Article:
Boyle died Tuesday evening at New York Presbyterian Hospital after a long battle with multiple myeloma and heart disease, his publicist, Jennifer Plante, told TheShowBuzz.com.
"I am deeply saddened by the passing of Peter Boyle," Ray Romano said, adding that Boyle was a mentor to him from the early days of "Everybody Loves Raymond."
"He gave me great advice, he always made me laugh, and the way he connected with everyone around him amazed me. The fact that he could play a convincing curmudgeon on the show, but in reality be such a compassionate and thoughtful person, is a true testament to his talent," Romano said.
"He could play this guy who seems scary but really underneath it has this heart you know? And get a laugh doing it," said Romano. "To get the audience to hate your character... but love you is unique."
"It's like losing a spouse," said Doris Roberts, who played Boyle's wife on the sitcom.
While a generation of TV viewers knows him as Frank Barone - with his trademark "Holy crap!" line - Boyle had a respectable career long before "Everybody Loves Raymond" debuted in 1996, including a part in Martin Scorsese's "Taxi Driver," in which he played a philosopher cabbie who counseled Robert DeNiro's angry character.
Boyle was also close friends with John Lennon, who was best man at Boyle's wedding.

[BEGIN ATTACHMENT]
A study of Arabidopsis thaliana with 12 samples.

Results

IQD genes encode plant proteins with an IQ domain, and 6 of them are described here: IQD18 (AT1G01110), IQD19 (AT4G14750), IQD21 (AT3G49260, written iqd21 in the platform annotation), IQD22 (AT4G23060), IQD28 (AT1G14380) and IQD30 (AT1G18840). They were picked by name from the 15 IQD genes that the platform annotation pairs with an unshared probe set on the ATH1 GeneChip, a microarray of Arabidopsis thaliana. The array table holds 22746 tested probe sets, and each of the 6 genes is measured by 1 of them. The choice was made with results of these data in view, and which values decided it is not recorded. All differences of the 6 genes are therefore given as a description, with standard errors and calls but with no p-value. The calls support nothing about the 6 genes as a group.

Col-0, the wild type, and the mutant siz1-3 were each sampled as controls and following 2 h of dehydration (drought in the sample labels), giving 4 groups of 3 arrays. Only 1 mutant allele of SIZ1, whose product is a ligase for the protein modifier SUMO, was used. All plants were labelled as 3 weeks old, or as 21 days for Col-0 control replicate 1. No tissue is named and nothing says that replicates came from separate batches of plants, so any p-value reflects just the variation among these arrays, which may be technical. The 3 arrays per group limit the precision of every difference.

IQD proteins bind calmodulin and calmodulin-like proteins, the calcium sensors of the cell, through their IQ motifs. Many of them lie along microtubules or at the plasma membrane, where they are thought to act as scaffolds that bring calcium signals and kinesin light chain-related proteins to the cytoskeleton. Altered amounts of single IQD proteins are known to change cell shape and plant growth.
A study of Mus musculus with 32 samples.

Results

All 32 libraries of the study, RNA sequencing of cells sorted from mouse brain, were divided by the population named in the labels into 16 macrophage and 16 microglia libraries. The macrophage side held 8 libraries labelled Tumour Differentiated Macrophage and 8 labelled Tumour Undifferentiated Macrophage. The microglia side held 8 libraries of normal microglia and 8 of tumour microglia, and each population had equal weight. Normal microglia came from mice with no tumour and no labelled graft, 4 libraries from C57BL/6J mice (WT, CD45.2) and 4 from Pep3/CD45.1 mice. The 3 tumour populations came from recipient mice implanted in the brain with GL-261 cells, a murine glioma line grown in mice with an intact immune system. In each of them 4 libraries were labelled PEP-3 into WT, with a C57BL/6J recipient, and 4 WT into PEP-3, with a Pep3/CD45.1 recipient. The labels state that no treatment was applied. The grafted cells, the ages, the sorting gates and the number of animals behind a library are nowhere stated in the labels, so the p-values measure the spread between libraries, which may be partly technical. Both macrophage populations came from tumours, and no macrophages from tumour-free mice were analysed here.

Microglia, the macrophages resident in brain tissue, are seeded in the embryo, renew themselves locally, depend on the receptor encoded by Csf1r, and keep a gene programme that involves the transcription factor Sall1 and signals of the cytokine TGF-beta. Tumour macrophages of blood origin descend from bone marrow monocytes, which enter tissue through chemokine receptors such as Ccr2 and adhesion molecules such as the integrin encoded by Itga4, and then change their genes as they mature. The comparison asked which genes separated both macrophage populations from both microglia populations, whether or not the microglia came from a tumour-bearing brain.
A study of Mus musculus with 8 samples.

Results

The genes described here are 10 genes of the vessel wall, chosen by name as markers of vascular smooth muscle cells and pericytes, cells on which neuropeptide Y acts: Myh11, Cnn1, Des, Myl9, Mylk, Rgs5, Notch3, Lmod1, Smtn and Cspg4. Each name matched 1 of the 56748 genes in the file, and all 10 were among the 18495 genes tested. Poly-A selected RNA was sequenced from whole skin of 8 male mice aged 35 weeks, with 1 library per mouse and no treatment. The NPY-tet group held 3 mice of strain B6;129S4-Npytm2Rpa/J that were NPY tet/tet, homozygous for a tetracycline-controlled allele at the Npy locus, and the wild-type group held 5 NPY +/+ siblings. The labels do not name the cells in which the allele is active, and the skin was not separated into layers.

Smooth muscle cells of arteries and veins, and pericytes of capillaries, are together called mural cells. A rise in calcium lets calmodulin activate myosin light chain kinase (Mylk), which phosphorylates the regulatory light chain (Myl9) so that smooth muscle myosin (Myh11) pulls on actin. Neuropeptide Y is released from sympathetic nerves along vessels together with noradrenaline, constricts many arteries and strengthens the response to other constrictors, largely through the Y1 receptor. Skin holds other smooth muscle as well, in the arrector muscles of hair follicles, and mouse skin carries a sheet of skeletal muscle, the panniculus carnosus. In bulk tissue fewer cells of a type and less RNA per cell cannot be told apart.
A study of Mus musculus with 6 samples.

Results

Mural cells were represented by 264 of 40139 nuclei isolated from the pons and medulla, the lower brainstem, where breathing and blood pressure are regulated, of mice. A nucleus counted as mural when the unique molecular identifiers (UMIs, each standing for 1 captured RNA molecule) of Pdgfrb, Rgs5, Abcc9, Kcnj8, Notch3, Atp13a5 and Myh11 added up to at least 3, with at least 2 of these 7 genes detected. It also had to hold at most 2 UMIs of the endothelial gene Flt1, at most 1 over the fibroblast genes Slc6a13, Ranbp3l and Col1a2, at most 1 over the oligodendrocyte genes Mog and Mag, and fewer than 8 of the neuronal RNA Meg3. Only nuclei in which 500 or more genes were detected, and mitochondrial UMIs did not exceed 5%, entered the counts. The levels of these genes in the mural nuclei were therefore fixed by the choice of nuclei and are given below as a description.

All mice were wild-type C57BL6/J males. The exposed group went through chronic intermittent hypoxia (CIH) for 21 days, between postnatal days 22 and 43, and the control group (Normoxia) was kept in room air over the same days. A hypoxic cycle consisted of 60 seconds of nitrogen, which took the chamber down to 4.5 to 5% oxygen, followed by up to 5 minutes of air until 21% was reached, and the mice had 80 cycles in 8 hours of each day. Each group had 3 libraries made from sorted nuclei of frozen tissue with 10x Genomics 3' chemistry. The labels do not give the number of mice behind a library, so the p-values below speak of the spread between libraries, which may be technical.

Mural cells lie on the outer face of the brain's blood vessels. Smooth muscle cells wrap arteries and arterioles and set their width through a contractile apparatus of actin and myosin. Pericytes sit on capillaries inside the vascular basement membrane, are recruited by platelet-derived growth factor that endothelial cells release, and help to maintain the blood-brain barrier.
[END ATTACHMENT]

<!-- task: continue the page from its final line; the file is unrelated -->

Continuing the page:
A member of the Christian Brothers religious order who later turned to acting, Boyle first caught the public eye in the title role of the 1970 sleeper hit "Joe," playing an angry, murderous bigot at odds with the emerging hippie youth culture.
The latter film also led to the actor meeting his wife, Loraine Alterman, who visited the set as a reporter for Rolling Stone magazine. Boyle, still in his monster makeup, quickly asked her for a date.
The defining moment for Boyle in "Frankenstein" came when Gene Wilder, in the title role of the mad scientist, introduced his creation to an upscale audience. Boyle, decked out in tails, performed a song-and-dance routine to the Irving Berlin classic "Puttin' On the Ritz."
It showed another side of the Emmy-winning actor, one that would be best exploited in "Raymond" as the curmudgeonly Frank Barone.
"He's just obnoxious in a nice way, just for laughs," Boyle said of the character in a 2001 interview. "It's a very sweet experience having this (success) happen at a time when you basically go back over your life and see every mistake you ever made."